St. Luke’s Vaccinates 2K Health Care Workers Over Weekend


Two employees at St. Luke’s Sacred Heart Campus in Allentown demonstrate the strength and determination that has gotten them and thousands of other front line health care workers through the COVID-19 pandemic. Thousands of St. Luke’s University Health Network employees were vaccinated against the disease over the weekend as part of an initial mass vaccination effort. That effort will continue through the holidays, bolstered by the FDA’s emergency approval of the Moderna vaccine against the coronavirus.

With 5,000 COVID-19 vaccine doses safely tucked away at -70 degrees Farenheit, St. Luke’s University Health Network worked with urgency and diligence to vaccinate an estimated 2,000 health care workers through the weekend while preparing for an even larger shipment of vaccines this week.

The FDA’s emergency approval of the Moderna vaccine Saturday has cleared the way for the 12-system health network to receive more doses for it’s 16,000-plus health care workers.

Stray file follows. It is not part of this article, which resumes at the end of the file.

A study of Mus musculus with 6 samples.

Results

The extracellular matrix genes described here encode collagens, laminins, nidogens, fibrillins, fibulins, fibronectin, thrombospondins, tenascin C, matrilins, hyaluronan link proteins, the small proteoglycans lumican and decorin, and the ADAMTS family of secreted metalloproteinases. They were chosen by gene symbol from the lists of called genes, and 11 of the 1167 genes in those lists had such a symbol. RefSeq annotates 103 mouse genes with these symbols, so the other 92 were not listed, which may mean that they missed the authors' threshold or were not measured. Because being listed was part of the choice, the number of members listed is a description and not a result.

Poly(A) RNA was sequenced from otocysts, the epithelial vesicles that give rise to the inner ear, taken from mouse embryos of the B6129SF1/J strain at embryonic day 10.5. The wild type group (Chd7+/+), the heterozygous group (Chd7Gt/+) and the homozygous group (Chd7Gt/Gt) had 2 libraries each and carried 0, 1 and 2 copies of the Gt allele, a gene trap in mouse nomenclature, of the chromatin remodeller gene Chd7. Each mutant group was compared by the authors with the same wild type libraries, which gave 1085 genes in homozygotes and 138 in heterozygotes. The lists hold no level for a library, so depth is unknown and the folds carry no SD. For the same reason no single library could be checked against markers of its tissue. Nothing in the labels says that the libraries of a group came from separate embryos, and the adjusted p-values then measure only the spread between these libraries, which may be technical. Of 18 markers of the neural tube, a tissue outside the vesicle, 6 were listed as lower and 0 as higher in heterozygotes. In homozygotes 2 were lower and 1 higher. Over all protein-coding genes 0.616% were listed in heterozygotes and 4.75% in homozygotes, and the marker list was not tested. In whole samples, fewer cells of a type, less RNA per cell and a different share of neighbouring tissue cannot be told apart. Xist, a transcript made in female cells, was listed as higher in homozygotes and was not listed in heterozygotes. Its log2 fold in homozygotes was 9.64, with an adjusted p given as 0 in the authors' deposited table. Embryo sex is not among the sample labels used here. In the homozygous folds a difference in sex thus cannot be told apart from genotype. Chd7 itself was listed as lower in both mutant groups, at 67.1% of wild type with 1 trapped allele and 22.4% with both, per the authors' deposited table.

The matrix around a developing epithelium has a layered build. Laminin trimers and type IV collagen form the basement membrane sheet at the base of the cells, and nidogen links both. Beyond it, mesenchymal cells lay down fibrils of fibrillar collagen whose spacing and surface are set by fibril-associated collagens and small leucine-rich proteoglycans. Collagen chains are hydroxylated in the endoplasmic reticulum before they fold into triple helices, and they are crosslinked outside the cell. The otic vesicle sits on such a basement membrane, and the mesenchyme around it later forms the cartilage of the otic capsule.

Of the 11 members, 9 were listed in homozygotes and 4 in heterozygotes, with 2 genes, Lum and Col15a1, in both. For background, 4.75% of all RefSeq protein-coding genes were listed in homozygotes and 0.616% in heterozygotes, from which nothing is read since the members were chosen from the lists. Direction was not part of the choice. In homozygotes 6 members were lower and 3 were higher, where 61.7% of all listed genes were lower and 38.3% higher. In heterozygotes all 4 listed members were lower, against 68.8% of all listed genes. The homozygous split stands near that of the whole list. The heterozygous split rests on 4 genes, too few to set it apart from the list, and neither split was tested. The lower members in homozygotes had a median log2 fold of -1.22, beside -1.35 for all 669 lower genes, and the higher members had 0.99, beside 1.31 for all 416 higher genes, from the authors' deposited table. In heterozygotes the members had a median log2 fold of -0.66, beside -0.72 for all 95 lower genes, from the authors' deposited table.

“I received my shot on Thursday,” said St. Luke’s Senior Vice President of Medical & Academic Affairs, Jeffrey Jahre, MD. “It felt no different than any other vaccine, and I strongly encourage everyone who can to receive this vaccine. It will help end this pandemic.”

Vaccine Vaccinate Vaccination St. Luke's COVID

Credit: St. Luke's University Health Network

Jeffrey Jahre, MD, St. Luke’s Vice President of Medical & Academic Affairs and an infectious disease expert, is vaccinated by Rebecca Boyer, RN.

The first St. Luke’s employee to receive the vaccine was nurse Sonia Iparraguirre of Bethlehem, who was given it Thursday.

Employees at three of St. Luke’s hospitals–the Anderson Campus in Bethlehem Township, Bethlehem in Fountain Hill and Sacred Heart in Allentown–are receiving their vaccines over the weekend, with nurses administering approximately six shots every 10 minutes. Nursing home employees and EMS personnel were also able to receive the vaccine at St. Luke’s this week.

St. Luke’s may be the largest supplier of the vaccine locally, as state officials credit the hospital network for its organization, logistical planning and efficiency.

“We have been working hand-in-hand with the Department of Health since this pandemic started,” said Colleen Sprissler, RN, MSN, Senior Director of Network Operations for St. Luke’s. “They are releasing the vaccine as it becomes available and everything has been running very smoothly.”

Employee vaccination clinics will open at St. Luke’s additional eight campuses in the coming days; a sign that community access to the vaccine may not be that far away.

Note: This local health news is brought to you in partnership with St. Luke’s University Health Network.